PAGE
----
Product Manufacturer: EPOS
Estimated Time With Gear: 60+ hours
What Is It?: EPOS gaming focus earbuds
Compatible With: Mobile, PC, PS5, Xbox Series X|S, Nintendo Switch
EPOS has released its first gaming earbuds, and the results will be perfect or not at all useful to you, depending on your gamer type. Although the sound quality and comfort are here — significant factors if you’re someone who hates overhead earphones — there’s no mic, destroying any multiplayer dreams. Unless you want to set up a separate microphone, which I could almost guarantee isn’t something 99% of purchasers would be willing to do.
Let me clarify that opening statement: the EPOS GTW 270 has a microphone, it’s not very good, but even with the quality, it’s not something you can use while connected to gaming consoles. You can connect to your consoles, like the PS5, where I did my primary test via a supplied USB-C dongle (only with the Hybrid unit, the GTW 270 is slightly cheaper without it). Doing so disables the microphone, which will only work with Bluetooth. It’s not a big deal if you don’t want to play games with friends, but as a gaming set of earbuds, a microphone is a big part of any other gaming headset review, and I don’t think these deserve a pass simply because they’re buds, not earphones.
The IPX5-rated buds are bigger than my daily AirPod Pros I carry around, as is the charging case. As a gaming-targeted device, though, they don’t need to be as sleek for everyday office and commute use. That said, neither the buds nor the case, with their elegant design and aluminium case, give off a glaring gamer vibe, so taking them on said commutes or to work wouldn’t be a problem. I took mine to a work conference, and no one ever batted an eye at what I had in my ears. The case is simple enough, with a USB-C charging port on the back and five light-up LEDs to let you know how much charge is left in the case.
EPOS states the buds will last up to five hours, which is true with my testing. They also say the case can hold an additional twenty hours of charge, but I never went through enough battery to thoroughly test that number. Either way, it’s not as high as some other buds on the market, but it’s not a bad battery life either.
The audio quality is good, with a deep base that wasn’t distorting when I tested in tracks like Sofi Needs a Ladder by deadmau5. When gaming, the gun sounds of the Call of Duty Modern Warfare 2 beta were all loud and thrilling, while the lack of a microphone again was a noticeable downside. The vocal performances of all the actors when playing a quieter experience in Wayward Strand was also a good test focusing on ambience.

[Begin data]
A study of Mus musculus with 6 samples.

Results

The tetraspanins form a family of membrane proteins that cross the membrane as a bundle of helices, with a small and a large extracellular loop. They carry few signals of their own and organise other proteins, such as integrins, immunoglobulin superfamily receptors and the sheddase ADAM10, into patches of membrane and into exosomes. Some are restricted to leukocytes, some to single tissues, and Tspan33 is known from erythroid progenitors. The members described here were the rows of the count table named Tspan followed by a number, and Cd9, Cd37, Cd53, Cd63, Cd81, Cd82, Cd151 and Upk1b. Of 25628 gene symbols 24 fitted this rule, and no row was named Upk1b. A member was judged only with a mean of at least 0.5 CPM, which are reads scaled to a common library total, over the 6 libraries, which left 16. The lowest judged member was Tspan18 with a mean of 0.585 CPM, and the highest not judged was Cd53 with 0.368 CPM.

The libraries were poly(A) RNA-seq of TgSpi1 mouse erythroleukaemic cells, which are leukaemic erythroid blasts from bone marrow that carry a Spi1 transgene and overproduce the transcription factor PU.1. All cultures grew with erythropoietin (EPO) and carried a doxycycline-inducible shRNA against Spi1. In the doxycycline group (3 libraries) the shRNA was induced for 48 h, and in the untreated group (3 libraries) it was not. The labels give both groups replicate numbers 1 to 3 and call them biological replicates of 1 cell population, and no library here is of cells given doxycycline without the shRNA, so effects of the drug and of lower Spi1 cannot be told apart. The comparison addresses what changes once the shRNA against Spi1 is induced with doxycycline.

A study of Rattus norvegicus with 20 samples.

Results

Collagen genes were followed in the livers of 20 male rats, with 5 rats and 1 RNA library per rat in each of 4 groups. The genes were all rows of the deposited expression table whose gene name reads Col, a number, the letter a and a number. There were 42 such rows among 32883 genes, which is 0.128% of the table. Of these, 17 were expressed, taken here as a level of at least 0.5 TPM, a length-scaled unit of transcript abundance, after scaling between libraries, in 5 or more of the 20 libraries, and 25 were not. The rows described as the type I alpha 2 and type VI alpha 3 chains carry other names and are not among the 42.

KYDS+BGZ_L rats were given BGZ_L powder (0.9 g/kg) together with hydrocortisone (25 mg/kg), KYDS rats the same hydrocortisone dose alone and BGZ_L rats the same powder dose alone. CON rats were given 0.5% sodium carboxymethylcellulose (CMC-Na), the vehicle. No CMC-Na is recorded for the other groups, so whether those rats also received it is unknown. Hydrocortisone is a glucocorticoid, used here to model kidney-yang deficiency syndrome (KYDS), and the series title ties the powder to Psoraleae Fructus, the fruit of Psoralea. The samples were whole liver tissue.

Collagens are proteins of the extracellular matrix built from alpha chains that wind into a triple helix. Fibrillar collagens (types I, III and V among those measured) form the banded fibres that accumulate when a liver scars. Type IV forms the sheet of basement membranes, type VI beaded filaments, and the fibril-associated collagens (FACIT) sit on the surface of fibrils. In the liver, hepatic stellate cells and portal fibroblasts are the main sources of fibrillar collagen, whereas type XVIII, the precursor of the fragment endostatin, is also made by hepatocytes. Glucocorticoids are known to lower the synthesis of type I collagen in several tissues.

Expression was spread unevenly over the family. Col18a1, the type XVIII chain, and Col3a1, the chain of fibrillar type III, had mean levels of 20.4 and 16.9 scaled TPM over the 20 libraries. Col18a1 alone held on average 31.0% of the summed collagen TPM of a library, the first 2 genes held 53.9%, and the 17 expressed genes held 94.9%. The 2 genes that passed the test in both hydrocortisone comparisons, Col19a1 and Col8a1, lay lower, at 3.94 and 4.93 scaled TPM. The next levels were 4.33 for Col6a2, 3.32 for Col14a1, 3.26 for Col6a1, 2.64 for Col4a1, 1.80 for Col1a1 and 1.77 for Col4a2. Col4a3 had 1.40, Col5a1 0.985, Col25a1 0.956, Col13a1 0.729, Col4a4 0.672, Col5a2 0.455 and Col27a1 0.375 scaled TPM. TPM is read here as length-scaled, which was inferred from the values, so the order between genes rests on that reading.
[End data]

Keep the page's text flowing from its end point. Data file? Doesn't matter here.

As for where and what audience the EPOS GTW 270’s seem best suited for, it’s the Nintendo Switch, as the small buds make for a great on-the-go device to use with the Switch; you don’t have to use the USB-C adaptor either, as the buds can connect directly to the console via Bluetooth. The only disappointment is that even if you use the USB-C adaptor, you can’t multi-device and listen to music on your phone via Bluetooth. Although the buds support simply flicking between connected devices, you can’t mix audio. Where this becomes even more annoying is that you have to use an app on your phone when playing a game like Splatoon 3, so even though you can hook up the Nintendo Switch and GTW 270’s via Bluetooth, you still can’t chat to friends on this console. But that’s not an EPOS problem.
The only major problem I had with the earbuds, other than the mic, was the design of the on-device quick button. It’s a tiny little button on the top of the left earbud, and it does everything from play, pause and cancel calls. But it’s so tiny on a device with a bunch of room on the front of the buds, as odd of a design choice I’ve seen lately in a year where most companies are adding touch-buttons and other functions to give users more quick-button options with the buds still sitting in their ears. On the PS5, you can’t adjust the volume without pressing the PS button and scrolling the volume control. Odd, a gaming device would have many annoying limitations when talking to the current gaming consoles.
I like the EPOS GTW 270s for their comfortable form factor and sound quality. With three included earpieces, they should fit into most ears. And the sound quality is excellent, especially in the buds category. But as a “gaming” pair of buds, I’m left wondering what the gaming factors of this product are. You can’t get the mic to work on anything but your PC, the place I think these are least to be used. And there are weird oversights on the designs that lack buttons to help you make quick actions while playing games. I’m sure there’s an audience for the GTW 270s for their audio and comfort, but for most gamers — outside mobile-only gamers — sorry, you still need an overhead headset for now.